Childhood Acute Lymphoblastic Leukemia Treatment (PDQ®): Treatment - Health Professional Information [NCI] - Postinduction Treatment for Specific ALL Subgroups
Historically, patients with T-cell acute lymphoblastic leukemia (ALL) have had a worse prognosis than children with precursor B-cell ALL. With current treatment regimens, outcomes for children with T-cell ALL are now approaching those achieved for children with precursor B-cell ALL. For example, the 5-year event-free survival (EFS) for children with T-cell ALL treated on the Dana-Farber Cancer Institute (DFCI) ALL Consortium protocols was 75% compared with 84% for children with precursor B-cell ALL.
Protocols of the former Pediatric Oncology Group (POG) treated children with T-cell ALL differently from children with B-lineage ALL. The POG-9404 protocol for patients with T-cell ALL was designed to evaluate the role of high-dose methotrexate. The multiagent chemotherapy regimen for this protocol was based on the DFCI-87001 regimen.
Results of the POG-9404 study indicated that the addition of high-dose methotrexate to the DFCI-based chemotherapy regimen resulted in significantly improved EFS in patients with T-cell ALL (10-year EFS, 78% for those randomly assigned to high-dose methotrexate versus 68% for those randomly assigned to therapy without high-dose methotrexate, P = .05).
High-dose methotrexate was associated with a lower incidence of relapses involving the central nervous system (CNS). This POG study was the first clinical trial to provide evidence that high-dose methotrexate can improve outcome for children with T-cell ALL. High-dose asparaginase, doxorubicin, and prophylactic cranial irradiation were also important components of this regimen.[1,4]
Protocols of the former Children's Cancer Group (CCG) treated children with T-cell ALL on the same treatment regimens as children with precursor B-cell ALL, basing protocol and treatment assignment on the patients' clinical characteristics (e.g., age and white blood cell [WBC] count) and the disease response to initial therapy. Most children with T-cell ALL meet National Cancer Institute (NCI) high-risk criteria.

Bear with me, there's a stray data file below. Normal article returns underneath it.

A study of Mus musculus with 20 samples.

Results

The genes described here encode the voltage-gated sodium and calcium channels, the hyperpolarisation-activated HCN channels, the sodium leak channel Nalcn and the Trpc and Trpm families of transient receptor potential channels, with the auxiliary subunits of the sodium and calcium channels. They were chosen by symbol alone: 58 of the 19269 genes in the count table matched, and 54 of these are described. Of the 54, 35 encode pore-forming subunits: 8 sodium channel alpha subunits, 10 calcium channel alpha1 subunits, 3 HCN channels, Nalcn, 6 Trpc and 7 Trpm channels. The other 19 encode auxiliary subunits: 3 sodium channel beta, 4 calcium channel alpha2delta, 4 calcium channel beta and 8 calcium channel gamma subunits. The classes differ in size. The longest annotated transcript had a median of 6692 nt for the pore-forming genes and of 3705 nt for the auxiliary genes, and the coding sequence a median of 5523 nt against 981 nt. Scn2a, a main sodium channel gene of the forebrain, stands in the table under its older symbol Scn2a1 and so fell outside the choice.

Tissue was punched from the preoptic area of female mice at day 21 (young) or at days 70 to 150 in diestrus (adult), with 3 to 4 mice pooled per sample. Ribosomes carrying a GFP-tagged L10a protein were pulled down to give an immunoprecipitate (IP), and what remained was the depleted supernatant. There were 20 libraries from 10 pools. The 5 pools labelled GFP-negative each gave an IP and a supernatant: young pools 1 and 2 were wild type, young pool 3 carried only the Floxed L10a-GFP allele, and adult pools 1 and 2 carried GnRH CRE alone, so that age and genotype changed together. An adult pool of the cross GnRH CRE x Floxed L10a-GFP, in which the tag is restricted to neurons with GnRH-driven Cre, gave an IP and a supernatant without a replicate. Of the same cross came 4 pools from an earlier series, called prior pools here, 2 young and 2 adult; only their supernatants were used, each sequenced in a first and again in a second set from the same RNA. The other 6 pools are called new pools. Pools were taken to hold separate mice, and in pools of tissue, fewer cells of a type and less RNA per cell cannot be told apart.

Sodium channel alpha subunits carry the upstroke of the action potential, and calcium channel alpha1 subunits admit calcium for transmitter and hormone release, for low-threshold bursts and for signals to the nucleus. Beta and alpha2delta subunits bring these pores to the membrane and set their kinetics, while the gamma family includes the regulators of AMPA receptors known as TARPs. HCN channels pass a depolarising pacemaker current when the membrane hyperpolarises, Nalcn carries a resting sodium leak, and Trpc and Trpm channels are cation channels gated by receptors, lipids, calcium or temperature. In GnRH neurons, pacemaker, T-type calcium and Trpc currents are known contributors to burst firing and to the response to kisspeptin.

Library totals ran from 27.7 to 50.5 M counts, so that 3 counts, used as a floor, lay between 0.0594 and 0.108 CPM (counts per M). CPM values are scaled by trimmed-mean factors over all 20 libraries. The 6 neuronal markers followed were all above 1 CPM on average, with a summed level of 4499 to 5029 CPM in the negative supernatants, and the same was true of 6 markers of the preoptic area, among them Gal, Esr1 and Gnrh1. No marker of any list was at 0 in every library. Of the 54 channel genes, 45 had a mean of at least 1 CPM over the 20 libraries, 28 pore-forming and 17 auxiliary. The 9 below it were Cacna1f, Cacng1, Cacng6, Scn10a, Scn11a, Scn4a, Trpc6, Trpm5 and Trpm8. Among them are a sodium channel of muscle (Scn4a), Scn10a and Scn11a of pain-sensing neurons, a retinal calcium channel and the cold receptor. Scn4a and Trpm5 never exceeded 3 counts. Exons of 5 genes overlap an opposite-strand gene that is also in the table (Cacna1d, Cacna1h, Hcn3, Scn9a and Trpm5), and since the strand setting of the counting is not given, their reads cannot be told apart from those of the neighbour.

Results from CCG-1961 showed that an augmented Berlin-Frankfurt-Münster (BFM) regimen with a single delayed intensification course produced the best results for patients with morphologic rapid response to initial induction therapy (estimated 5-year EFS 83%). Almost 60% of events in this group, however, were isolated CNS relapses.
Overall results from POG-9404 and CCG-1961 were similar, although POG-9404 used cranial radiation for every patient, while CCG-1961 used cranial radiation only for patients with slow morphologic response.[6,4]
Among children with NCI standard-risk T-cell ALL, the EFS for those treated on CCG-1952 and COG-1991 studies was inferior to the EFS for those treated on the POG-9404 study.
In the Children's Oncology Group (COG), children with T-cell ALL are no longer treated on the same protocols as children with precursor B-cell ALL. Pilot studies from the COG have demonstrated the feasibility of incorporating nelarabine (a nucleoside analog with demonstrated activity in patients with relapsed and refractory T-cell lymphoblastic disease) [8,9] in the context of a BFM regimen for patients with newly diagnosed T-cell ALL. The pilot study showed a 5-year EFS rate of 73% for all patients receiving nelarabine and 69% for those patients with a slow early response.
The role of prophylactic cranial radiation in the treatment of T-cell ALL is controversial. Some groups, such as St. Jude Children's Research Hospital (SJCRH) and the Dutch Childhood Oncology Group (DCOG), do not use cranial radiation in first-line treatment of ALL, while other groups, such as DFCI, COG, and BFM, use radiation for the majority of patients with T-cell ALL.